Chris Cannon Shares His Thoughts on the Future of Restaurants After the Pandemic

The owner of Jockey Hollow Bar & Kitchen in Morristown reflects on all the challenges restaurants have endured and overcome in the past, and looks forward to the day he can welcome patrons back.

Chris Cannon, owner of Jockey Hollow Bar & Kitchen. Photo courtesy of Thomas A. Kelly

Editor’s Note: Chris Cannon, owner of Jockey Hollow Bar & Kitchen in Morristown, an NJM Top 30 restaurant, is a veteran hospitality professional with more than 30 years of experience. Before opening JHBK in 2014, Cannon ran five Manhattan restaurants (L’Impero, Alto, Judson Grill, Convivio and Marea), each of which earned three stars from the New York Times.

JHBK features locally sourced ingredients from Cannon’s partnership with Forty North Oyster Farms in Mantoloking and other purveyors, including Flocktown Farm in Chester and Let it Grow Farm in Pittstown. Since its opening, JHBK has raised more than $300,000 for an array of non-profits serving families, children, health, the arts and education. Cannon, an avid cook, gardener and cyclist, lives with his family in Mountain Lakes.

Cannon recently sent out an email with his thoughts on the future of restaurants after the pandemic. We’re republishing it here.

Recently, and much to my dismay, I have read articles that unequivocally predict the death of the restaurant industry as we know it. In particular, the full-service restaurant has been relegated to certain extinction, along with the white rhinoceros.

I disagree fundamentally with that prognosis. I have worked in restaurants for the last 40 years, surviving the crashes of 1988, 2001, and 2008 in New York City. In fact, my biggest successes followed the crisis of 9/11, with the opening of L’Impero, and the 2008 financial meltdown, with the opening of Marea. Both restaurants were recognized as Best New Restaurant in the United States by the James Beard Foundation, and both were contrarian responses to the prevailing wisdom of their times.

When I opened my business in New Jersey, post Hurricane Sandy in 2014, I helped fund the resurgence of the oyster industry as a partner in Forty North Oyster Farm in Mantoloking, at the epicenter of the devastation. I am proud that my restaurant, Jockey Hollow Bar and Kitchen in Morristown, has, in the last five years, become a leader in supporting and promoting the potential of the New Jersey food scene and in funding local philanthropy, culture and art.

Over these many years, I have come to understand that it is human nature to overreact to crises and exaggerate the dire consequences that await us, in our need to release our angst. The mass media has always preyed upon that anxiety, as they compete minute by minute to be hyper dramatic and sensational to attract clicks, viewers and readers.

As in the past, this current period of pain will become a memory. We should seek comfort in the perspective that we survived the complete economic devastation and 75 million deaths of World War II, just 75 years ago. We should not forget that we subsequently generated one of the greatest periods of sustained prosperity and technological expansion in history.

The restaurant industry has seen a boom and unprecedented glut in the last 15 years fed by an explosion of interest in television shows, celebrity chefs and cooking competitions.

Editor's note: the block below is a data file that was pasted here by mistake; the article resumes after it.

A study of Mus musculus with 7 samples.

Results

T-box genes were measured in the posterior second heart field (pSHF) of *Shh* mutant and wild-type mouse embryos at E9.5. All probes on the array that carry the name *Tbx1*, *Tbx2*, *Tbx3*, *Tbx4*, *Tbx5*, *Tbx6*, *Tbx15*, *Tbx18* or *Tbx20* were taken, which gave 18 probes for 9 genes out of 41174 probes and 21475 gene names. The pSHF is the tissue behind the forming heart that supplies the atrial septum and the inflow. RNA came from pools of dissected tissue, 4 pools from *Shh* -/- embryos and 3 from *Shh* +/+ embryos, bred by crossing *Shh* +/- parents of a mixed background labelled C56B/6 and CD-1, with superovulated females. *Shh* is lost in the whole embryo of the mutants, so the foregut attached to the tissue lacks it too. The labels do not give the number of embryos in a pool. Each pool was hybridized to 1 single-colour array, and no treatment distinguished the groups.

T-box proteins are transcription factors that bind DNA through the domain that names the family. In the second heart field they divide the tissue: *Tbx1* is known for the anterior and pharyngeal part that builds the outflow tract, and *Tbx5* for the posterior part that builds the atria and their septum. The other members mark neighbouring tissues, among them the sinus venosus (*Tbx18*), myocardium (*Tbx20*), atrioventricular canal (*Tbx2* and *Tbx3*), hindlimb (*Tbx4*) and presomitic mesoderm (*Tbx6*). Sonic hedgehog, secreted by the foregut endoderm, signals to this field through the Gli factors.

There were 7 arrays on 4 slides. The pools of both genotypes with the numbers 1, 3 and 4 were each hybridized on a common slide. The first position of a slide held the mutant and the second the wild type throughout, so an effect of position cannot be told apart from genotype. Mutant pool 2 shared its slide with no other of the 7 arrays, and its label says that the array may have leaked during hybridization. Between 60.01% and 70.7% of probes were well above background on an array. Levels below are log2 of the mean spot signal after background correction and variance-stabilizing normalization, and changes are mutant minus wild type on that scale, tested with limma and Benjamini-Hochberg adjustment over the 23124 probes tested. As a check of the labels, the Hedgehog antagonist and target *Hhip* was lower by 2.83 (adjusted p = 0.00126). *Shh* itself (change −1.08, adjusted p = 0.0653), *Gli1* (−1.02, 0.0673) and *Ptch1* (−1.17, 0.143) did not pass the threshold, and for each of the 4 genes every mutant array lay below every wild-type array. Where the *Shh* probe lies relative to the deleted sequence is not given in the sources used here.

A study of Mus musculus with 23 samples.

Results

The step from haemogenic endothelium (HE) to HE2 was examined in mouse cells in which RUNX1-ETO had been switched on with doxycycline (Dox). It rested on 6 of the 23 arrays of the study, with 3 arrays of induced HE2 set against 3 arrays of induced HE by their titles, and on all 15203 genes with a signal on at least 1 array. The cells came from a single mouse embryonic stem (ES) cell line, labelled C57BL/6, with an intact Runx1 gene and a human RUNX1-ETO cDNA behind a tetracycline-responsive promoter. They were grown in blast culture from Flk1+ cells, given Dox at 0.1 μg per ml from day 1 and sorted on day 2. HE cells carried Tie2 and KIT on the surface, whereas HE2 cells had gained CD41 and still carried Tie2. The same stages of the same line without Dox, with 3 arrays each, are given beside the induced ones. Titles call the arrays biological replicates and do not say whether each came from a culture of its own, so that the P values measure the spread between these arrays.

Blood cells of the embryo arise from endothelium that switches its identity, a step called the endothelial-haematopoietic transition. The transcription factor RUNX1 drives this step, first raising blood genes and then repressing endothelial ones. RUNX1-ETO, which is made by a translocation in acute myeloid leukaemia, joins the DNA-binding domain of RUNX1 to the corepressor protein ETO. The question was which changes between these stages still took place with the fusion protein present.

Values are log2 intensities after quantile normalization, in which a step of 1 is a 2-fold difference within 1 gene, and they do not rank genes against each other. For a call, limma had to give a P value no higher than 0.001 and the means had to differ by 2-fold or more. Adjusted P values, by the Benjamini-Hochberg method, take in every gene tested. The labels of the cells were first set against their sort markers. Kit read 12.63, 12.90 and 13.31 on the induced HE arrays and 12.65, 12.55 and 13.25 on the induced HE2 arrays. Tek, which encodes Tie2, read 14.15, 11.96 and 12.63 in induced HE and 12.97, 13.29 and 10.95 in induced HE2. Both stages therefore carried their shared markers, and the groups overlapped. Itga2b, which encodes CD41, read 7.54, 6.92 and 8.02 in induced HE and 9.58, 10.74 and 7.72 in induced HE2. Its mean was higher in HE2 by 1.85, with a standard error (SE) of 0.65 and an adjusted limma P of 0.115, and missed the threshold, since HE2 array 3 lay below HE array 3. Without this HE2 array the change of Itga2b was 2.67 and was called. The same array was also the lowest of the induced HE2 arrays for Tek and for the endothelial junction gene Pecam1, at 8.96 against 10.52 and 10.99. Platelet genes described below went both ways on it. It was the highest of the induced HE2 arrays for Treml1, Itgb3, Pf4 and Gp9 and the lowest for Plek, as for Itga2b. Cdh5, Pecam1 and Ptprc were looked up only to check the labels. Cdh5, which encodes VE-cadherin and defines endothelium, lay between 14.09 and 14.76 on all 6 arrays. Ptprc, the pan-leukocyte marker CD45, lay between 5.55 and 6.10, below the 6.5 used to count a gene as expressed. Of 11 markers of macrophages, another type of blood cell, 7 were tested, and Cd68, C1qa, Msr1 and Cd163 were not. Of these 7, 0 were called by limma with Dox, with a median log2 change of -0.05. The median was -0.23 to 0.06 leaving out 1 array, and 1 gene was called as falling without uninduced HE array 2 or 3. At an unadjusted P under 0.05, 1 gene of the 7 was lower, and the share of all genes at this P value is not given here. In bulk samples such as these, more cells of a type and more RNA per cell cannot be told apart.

The sector has throughout remained completely saturated, which has led to cutthroat competition, price stagnation, and the extreme tightening of profit margins across the board (while costs have continued to rise). Furthermore, the significant entry into the food industry of monopolies and mega chains has led to predatory pricing (further shrinking margins) as these giants have sought to gain market share at the expense of smaller local businesses.

As a result of this and the current crisis, many restaurants in the near future will sadly fail, and people will be more reluctant to enter the sector. The businesses that survive should theoretically end up in a stronger position, with less competition and less pressure to keep prices flat. (Hopefully, states and the federal government will address predatory pricing, monopoly and anti-trust issues). This contraction, allowing prices to rise, should also give restaurants the ability to pay a higher living wage to employees and to become a more sustainable industry as a whole. We all are becoming painfully aware that the current industry model, its labor and pricing structure, has been on a sure path to self-destruction for years.

After this pandemic, there will of course be more awareness of sanitation and the importance of public health protocols, but the currently espoused idea that we humans, as extremely social beings, will shun restaurants in perpetuity is absurd.

We will always need to see and be seen, to commune with one another, to laugh, to share. In short, to live. Plus, cooking dinner each and every night at home gets old pretty fast! 

The coming months will be painful, but it is my hope that we can come to see this difficult experience as an inevitable correction, allowing us to make necessary and positive changes to make the industry stronger and more equitable. I know that our shared losses and sacrifices will teach us to better respect our planet and to take our responsibility to each other as human beings more seriously. Let’s all look forward to appreciating what we have and the opportunity to make things better together. It’s what we do best as Americans.

I look forward to welcoming all my friends back soon to my home at Jockey Hollow Bar and Kitchen. I miss you all so much.

We asked Cannon if he would hazard a guess as to what level of price increase might help restaurants survive and also be accepted by the dining public. His reply: “15%?”